Structure and Function of the Thyroid Gland

The thyroid gland is a small organ located in the front of your neck. It has a relatively simple structure, yet has a complex function in regulating the metabolism of your body. This article will take a look at both the structure and function of the thyroid gland. Because function follows structure, let’s begin by examining the structure of the thyroid gland.

Structure of the thyroid gland

Although quite small compared to many organs in the body, the thyroid is one of the larger glands of the endocrine system. It is located on front of the next, just below the Adam’s apple. The thyroid gland has two primary lobes – the right and left. Not surprisingly, the right and left lobes are found on the right and left side of the trachea, respectively.

Connecting the right and left lobes is a small bit if tissue called the isthmus. Together, this creates a shape which vaguely resembles a butterfly.

The thyroid gland is covered in a tough fibrous capsule. This is a layer of tissue which completely surrounds the thyroid gland and protects it from the surrounding organs and tissues. The thyroid gland is immediately adjacent to the larynx and trachea. In fact, it wraps around a significant portion of the trachea.

The thyroid gland reaches his deep into the neck as the esophagus. Because the thyroid gland is made of relatively soft tissue, it can often be difficult to determine exactly how high and how low it is in a person’s neck. In a fully grown adult, the thyroid gland weighs approximately 20 to 60 grams. As you can tell, the thyroid gland can vary in size greatly from person to person.

The thyroid gland receives its blood supply from the superior thyroid artery. The superior thyroid artery is a branch of the external carotid artery. some blood is also supplied by the inferior thyroid artery. This is a branch of the thyrocervical trunk. blood supply to the thyroid artery can be very important, especially to a surgeon who is forced to operate on the organ. Blood draining from the thyroid artery travels either through a superior thyroid vein or the inferior thyroid vein.

Function of the thyroid gland

The thyroid gland is a key player in the endocrine system. It produces three hormones which are vital to the metabolic function of your body. These three hormones include, thyroxine (T4), triiodothyronine (T3), and calcitonin.

T3 and T4 are extremely important to the development and subsequent metabolism of a person. T4 is relatively in active compared to T3. T4 is converted to T3 in many peripheral organs such as the liver and spleen.

The production of T3 and T4 is regulated by the pituitary gland. The pituitary gland releases a hormone called thyroid stimulating hormone, or TSH. When TSH is released, the thyroid gland begins producing T3 and T4 hormones. These hormones are then circulated around the body where they regulate the production of other proteins and cell growth.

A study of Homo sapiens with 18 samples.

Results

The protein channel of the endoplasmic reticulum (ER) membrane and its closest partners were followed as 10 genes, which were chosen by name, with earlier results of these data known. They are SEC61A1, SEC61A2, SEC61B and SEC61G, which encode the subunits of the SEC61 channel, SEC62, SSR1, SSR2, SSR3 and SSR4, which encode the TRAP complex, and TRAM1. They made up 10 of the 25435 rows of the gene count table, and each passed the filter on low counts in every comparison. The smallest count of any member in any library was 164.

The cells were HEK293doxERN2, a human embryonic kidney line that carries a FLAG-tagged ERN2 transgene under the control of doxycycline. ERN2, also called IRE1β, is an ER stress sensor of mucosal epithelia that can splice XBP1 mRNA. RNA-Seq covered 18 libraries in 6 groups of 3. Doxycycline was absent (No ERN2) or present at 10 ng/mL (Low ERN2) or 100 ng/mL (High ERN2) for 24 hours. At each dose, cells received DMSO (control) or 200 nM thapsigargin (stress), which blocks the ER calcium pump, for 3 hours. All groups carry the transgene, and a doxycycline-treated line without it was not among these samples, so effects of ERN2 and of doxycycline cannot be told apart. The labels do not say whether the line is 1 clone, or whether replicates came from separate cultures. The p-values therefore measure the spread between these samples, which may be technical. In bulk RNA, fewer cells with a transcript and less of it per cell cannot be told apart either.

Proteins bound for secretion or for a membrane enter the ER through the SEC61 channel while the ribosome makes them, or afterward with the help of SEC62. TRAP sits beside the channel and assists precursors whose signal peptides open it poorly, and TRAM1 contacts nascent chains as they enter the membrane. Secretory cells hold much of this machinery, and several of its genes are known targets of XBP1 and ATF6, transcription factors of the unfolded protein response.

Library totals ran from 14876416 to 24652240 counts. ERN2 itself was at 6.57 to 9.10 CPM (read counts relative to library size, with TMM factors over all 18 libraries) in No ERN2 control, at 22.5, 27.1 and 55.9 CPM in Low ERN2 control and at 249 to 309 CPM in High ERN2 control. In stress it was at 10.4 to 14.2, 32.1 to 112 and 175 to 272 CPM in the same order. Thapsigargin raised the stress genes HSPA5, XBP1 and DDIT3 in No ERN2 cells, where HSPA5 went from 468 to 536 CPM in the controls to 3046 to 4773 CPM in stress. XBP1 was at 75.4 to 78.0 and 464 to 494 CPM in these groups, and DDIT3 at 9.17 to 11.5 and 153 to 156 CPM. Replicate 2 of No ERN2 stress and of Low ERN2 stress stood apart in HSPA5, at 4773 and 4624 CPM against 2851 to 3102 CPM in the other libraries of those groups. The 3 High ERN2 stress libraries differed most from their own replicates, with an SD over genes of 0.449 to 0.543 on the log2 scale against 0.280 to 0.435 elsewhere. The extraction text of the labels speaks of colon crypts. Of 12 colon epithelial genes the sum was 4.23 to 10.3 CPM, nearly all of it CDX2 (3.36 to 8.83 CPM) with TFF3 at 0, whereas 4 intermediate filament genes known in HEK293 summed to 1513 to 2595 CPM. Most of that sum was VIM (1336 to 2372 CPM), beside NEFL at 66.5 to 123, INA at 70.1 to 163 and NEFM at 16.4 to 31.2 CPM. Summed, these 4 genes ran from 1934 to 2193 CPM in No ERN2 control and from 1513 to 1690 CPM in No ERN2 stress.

Levels of T3 and T4 are controlled by a system known as a negative feedback loop. T3 and T4 suppress the production of TSH. So when levels of T3 and T4 become high, less TSH is produced. This in turn lowers the amount of T3 and T4 which is made. Conversely, low levels of T3 and T4 allow more TSH to be produced – which increases the amount of T3 and T4 that is made. This may seem confusing, but if you think about it for a moment it makes sense. Essentially, the hormones all serve to regulate each other.

The thyroid gland also produces a hormone known as calcitonin. Calcitonin is a vital hormone which serves to regulate the concentration of calcium in your body. Calcitonin has been found to increase the amount of calcium which is taken into bone. However, the exact importance of calcitonin in bone maintenance has not been well established, people who have had their thyroid gland removed, are able to maintain normal levels of calcium without significant treatment.

Thyroid gland requires iodine to function properly. Iodine is incorporated into the structure of T3 and T4. Without iodine, the thyroid gland is not able to make T3 and T4. a person who suffers from lack of iodine in their diet will sometimes experience a swelling of the pirate gland. A pathological swelling of the thyroid gland is referred to as a goiter. Because of its use in thyroid hormones, iodine is a key element required in the proper development of a child. This is one reason why governments have required the use of iodized salt.

There are many diseases which are related to the dysfunction of the thyroid gland. This article is not intended to go into the details of those diseases. Two of the more common diseases related to thyroid dysfunction are Graves’ disease and Hashimoto’s thyroiditis.